The official spectator count of 77,803 at the Veltins-Arena for the opening game of the 2010 IIHF World Championships in Gelsenkirchen sets a new world record for attendance at an ice hockey match.
The total also surpassed what had been projected by tournament officials and reported in the German press by a good 1,650 or so. It should be remembered that the sport of ice hockey is not widely popular in Germany. Fussball (soccer) is far and away the king of sport in the European country.
The eishockey fans start to fill up the Veltins-Arena, which is normally the home of German Bundesliga football club Schalke 04 Gelsenkirchen, prior to the match featuring the host nation and the silver medalists from this past winter’s Olympic Games. (DPA photo)
The gate at Gelsenkirchen wipes away a mark that had stood for over half a century (53 years) in international hockey.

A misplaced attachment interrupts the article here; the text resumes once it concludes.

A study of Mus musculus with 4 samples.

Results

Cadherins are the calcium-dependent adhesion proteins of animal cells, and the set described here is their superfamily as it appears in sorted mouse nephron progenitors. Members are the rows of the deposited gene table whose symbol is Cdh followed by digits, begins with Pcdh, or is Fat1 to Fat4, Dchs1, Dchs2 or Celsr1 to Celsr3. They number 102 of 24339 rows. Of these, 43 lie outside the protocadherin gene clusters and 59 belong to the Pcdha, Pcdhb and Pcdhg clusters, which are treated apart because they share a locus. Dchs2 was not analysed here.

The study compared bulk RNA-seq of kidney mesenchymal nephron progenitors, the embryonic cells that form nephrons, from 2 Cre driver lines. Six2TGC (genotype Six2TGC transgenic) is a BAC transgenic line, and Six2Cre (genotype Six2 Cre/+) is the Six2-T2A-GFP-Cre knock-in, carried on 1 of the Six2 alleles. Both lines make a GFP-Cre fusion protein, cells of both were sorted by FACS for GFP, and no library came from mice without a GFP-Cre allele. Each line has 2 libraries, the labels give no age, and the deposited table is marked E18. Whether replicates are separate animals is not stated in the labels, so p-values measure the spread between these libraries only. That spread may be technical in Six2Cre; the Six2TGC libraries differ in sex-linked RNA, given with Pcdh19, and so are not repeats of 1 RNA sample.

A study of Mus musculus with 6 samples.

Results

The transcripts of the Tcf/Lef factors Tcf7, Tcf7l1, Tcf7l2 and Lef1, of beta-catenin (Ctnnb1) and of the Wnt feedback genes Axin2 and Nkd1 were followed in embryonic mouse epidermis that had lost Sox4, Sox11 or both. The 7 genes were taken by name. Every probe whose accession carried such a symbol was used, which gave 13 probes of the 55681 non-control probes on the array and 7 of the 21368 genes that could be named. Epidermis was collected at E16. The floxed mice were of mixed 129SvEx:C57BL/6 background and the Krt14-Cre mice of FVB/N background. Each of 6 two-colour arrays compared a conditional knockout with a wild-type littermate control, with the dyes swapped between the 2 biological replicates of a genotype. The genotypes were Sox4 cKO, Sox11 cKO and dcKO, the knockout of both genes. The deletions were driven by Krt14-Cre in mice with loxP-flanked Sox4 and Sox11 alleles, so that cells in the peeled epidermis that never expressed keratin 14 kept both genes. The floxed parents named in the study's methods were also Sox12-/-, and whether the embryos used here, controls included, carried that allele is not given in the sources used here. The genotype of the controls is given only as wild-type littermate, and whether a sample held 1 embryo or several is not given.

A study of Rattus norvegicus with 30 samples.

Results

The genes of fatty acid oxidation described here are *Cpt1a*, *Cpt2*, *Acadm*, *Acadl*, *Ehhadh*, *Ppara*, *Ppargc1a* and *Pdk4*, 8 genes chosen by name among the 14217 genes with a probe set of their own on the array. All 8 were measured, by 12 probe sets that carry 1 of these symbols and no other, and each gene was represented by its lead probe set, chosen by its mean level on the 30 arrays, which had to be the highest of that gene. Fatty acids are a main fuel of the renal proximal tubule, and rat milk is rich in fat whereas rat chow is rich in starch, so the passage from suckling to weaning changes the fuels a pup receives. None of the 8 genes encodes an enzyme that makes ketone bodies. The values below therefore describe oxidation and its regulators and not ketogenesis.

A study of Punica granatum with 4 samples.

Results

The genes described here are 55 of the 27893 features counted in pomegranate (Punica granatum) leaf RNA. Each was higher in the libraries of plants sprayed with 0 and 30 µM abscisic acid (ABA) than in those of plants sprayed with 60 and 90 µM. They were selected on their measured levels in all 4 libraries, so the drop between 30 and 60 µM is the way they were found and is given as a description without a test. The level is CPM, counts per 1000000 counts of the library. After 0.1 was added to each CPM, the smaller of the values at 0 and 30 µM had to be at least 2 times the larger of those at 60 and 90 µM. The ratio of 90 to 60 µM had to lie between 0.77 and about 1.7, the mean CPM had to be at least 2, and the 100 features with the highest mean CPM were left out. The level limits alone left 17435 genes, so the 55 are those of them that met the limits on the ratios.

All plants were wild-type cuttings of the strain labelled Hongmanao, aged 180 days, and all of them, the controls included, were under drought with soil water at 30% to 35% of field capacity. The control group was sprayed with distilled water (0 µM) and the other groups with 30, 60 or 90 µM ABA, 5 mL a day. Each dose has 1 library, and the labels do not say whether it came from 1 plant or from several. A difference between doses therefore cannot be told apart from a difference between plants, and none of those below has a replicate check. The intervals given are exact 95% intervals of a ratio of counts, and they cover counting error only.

The old record for attendance at an IIHF World Championships match dates back to 1957 for the match between Sweden and the Soviet Union at the multi-purpose Grand Arena of the Central Lenin Stadium (since re-named Luzhniki) in Moscow.
The crowd that gathered at FC Schalke’s stadium also bested the total that saw a college hockey game billed as “The Cold War” in the United States almost a decade ago.
October 6, 2001 : 74,554 fans watch Michigan State University, ranked # 1 in the nation, and the University of Michigan, who enter the game at # 4, skate to a 3-3 draw at Spartan Stadium in East Lansing, Michigan.
Oddly enough, the United States team that met Germany at Gelsenkirchen fielded two players who participated for the University of Michigan in the previous record-setting contest.
The Calgary Flames pair of DAVID MOSS and ERIC NYSTROM were freshmen forwards for the Wolverines that 2001-02 hockey season.
Michigan and Michigan State are scheduled to meet again this December in an outdoor game, this time at Michigan Stadium. That game is expected to draw in the neighborhood of 108,000 to “The Big House”. Thus, Gelsenkirchen’s record will be short-lived.
A record, nonetheless. Which, as both luck and skill would have it, coincided with a major German victory, as well. Both events are wildly celebrated here by the operators of this blog to be certain.